OREGON STATE UNIVERSITY

Sea Grant tests low power radio during whale watch week

03/20/1998

DEPOE BAY - Spring break visitors to Boiler Bay State Park can park their cars, turn on their radios and learn more about migrating gray whales and how to spot them.

Oregon Sea Grant, a marine education, research and extension program at Oregon State University, has teamed up with the Oregon Parks and Recreation Department to test low-power, AM radio as a means of getting environmental information to state park visitors.

Using a compact transmitter and antenna, the low-power system broadcasts a series of messages within a very limited range - in this case, about the size of the parking lot at Boiler Bay, just north of Depoe Bay on the Oregon coast.

During Whale Watch Week, March 21-28, the Boiler Bay transmitter will air a series of messages describing the biology, natural history and migration patterns of the gray whale. The messages also include information about how to spot the whales as they swim past on their annual migration northward to their summer feeding grounds off Alaska, and about Whale Watch Week activities up and down the coast.

Radios should be tuned to 1200 AM to pick up the broadcasts.

An OSU graduate research assistant will visit the park periodically to survey visitors about the broadcasts, and Whale Watch Week volunteers - on hand at the park from 10 a.m. to 1 p.m. daily - will also gather reactions.

State parks officials are considering using low-power transmitters in other parks to provide information about the environment, park activities and visitor safety.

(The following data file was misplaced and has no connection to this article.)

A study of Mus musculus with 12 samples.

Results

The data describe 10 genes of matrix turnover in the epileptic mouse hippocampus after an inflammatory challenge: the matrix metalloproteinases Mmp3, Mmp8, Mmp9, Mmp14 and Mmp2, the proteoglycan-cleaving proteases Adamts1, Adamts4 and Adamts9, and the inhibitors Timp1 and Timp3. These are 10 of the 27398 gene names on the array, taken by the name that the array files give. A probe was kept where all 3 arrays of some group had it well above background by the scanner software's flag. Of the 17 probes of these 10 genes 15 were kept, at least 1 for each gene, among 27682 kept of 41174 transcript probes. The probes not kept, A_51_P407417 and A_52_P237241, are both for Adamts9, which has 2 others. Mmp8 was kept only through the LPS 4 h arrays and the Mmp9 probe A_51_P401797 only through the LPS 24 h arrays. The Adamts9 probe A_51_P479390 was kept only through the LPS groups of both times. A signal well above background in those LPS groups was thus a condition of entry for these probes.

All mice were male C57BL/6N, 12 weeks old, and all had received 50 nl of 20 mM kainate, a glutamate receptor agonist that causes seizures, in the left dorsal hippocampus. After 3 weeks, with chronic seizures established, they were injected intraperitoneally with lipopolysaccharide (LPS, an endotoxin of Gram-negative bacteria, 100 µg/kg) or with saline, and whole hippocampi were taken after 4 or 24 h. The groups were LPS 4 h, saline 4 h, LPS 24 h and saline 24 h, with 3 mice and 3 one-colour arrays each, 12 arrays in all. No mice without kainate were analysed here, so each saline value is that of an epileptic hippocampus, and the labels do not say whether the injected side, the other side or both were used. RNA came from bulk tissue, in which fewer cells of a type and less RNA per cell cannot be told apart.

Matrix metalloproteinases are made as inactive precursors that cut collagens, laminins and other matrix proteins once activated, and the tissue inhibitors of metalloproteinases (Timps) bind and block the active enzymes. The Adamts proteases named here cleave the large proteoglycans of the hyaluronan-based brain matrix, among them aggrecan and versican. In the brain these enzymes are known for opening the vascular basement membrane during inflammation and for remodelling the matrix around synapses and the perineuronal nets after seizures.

The Whale Watch Week radio spots were written and produced by Oregon Sea Grant, with cooperation from Bruce Mate, marine mammal expert at OSU's Hatfield Marine Science Center.

The demonstration is the brainchild of Bruce DeYoung, Sea Grant coastal recreation and tourism specialist and a faculty member with the OSU College of Business. DeYoung, a long-time advocate of low-power radio as a public education tool, has encouraged development of similar broadcast systems to teach motorists about Oregon's forests, and to provide boater-safety information on the Columbia River.

Editors: More information about Whale Watch Week is available from Mike Rivers at the Alsea Bay Bridge Interpretive Center, 541 563-2002, or on the World Wide Web at: Note to Editors: This story originally contained a World Wide Web address. The characters used in Web addresses will not telecommunicate in our system. Please call us at 541-737-0801 for the address.